Australia could have one of its youngest prime ministers in history if Labor Party leader Mark Latham wins the general election on October 9. Mr. Latham hopes Labor will oust the government of John Howard, who has been in power for nearly nine years.

Mark Latham, at 43, is the Australian Labor Party's youngest leader in more than a century.

He is 22 years younger than Prime Minister John Howard, and has been at the head of the Labor Party for less than a year. Mr. Latham, in his official campaign speech, appealed to voters to see him as the man with the youth and energy to lead Australia.

"We've got a great public plan for the future," he said. "Mr. Howard's got a private plan for retirement. I say to the Australian people I'm ready to lead. He's ready to leave."

Mark Latham is a brash and feisty campaigner, known for his combative style and colorful language.

He once broke a taxi-driver's arm in a dispute over the fare.

In 2002 he publicly called John Howard a foul name for supporting the United States threat to go war in Iraq.

Some of his strongest language in Parliament has targeted the U.S. president.

"Bush himself, Mr. Deputy Speaker, Bush himself is the most incompetent and dangerous president in living memory," said Mr. Latham. "It's a bit rich for him to be preaching democratic values when he failed to win a democratic majority himself in the 2000 presidential election."

Mark Latham's aggressive style has its roots in his working-class background in western Sydney where he grew up in public housing. There he developed a strong sense of the gap between rich and poor.

He attended a government high school and later worked as a barman to pay his way through university.

After graduating with an honors degree in economics, he worked as a researcher for his political hero and mentor, Gough Whitlam, who was a Labor prime minister in the 1970s.

Mr. Whitlam, now 88, has long seen Mr. Latham as a future prime minister.

"I am very optimistic because he expresses the views of coming generations and he's such a contrast to the present prime minister and those who are struggling to succeed him who all speak in those dated terms, expressing those dated attitudes," said Mr. Whitlam.

Mark Latham entered Parliament in 1994, fittingly holding the same Sydney seat of Werriwa that Gough Whitlam held from 1952 to 1978.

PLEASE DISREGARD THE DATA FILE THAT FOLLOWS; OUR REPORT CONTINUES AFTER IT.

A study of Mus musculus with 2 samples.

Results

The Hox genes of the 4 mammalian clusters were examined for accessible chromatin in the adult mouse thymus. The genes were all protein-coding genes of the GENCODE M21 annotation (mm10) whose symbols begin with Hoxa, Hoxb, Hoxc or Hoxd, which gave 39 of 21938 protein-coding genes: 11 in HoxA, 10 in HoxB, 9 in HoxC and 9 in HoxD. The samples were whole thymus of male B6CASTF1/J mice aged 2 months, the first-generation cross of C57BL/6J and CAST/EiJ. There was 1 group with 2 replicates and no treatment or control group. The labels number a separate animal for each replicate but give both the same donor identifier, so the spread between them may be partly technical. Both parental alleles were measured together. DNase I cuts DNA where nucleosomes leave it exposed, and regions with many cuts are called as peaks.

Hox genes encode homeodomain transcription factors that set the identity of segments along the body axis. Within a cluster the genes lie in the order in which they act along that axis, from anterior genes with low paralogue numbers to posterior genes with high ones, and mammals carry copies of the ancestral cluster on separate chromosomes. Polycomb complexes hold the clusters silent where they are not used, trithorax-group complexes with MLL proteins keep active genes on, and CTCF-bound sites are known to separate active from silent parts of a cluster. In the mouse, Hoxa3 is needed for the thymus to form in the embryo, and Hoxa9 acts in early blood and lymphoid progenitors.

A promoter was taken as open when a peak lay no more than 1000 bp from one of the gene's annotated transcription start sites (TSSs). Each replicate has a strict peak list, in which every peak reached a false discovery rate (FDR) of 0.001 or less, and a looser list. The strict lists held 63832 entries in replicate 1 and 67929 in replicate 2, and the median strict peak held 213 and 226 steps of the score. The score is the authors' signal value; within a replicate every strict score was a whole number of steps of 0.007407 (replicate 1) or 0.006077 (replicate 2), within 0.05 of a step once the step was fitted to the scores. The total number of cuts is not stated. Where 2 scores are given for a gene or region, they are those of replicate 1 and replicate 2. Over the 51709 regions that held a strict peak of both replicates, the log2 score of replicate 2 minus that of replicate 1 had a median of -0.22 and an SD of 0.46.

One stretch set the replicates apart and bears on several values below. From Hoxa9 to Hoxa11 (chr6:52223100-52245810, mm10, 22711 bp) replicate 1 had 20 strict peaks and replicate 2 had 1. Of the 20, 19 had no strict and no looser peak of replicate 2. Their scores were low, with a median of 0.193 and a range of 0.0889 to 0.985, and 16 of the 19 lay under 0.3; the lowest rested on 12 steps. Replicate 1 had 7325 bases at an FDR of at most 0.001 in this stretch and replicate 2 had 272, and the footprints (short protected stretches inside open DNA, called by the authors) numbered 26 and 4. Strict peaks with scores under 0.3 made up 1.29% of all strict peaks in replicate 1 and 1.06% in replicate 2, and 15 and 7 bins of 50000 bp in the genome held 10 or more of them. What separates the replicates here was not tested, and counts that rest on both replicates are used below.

Since he became its leader last December, Mr. Latham has worked to moderate his abrasive image and restore a sense of direction for the Labor Party.

His vision for a Labor government is about social opportunity and equity for all, through education, tax reform and universal health care.

On foreign policy, Mr. Latham has been a strong critic of the U.S. war in Iraq. He has promised to withdraw Australia's 850 troops from Iraq by Christmas, in contrast with John Howard's pledge to keep them there as long as necessary to stabilize the country.

He has since endorsed Australia's alliance with the United States, but says it must not come at the expense of the country's role in the Asia Pacific.

"The real job for Australia is in our region," stated Mr. Latham. "Working with our neighbors and the United States. This is where our permanent interests lie, not on the other side of the world. This is where Labor will dedicate our resources in the war against terror - to our region, to our part of the world, to the real security of the Australian people in the future."

Within three months of taking the Labor leadership, Latham's personal approval rating was the highest approval rating of any opposition leader in 30 years.

His campaign policies on health care and tax changes, while appealing to Labor's traditional base, have also targeted many of the voters that Mr. Howards' conservative Coalition sees as its own.

Mark Latham's strength lies in his energy and fresh ideas. But many analysts say he lacks the experience of John Howard and note he has never served in a government. To win the October 9 election he must counter the governing Coalition's attempts to portray him as an unknown quantity and a risk too great for voters to take.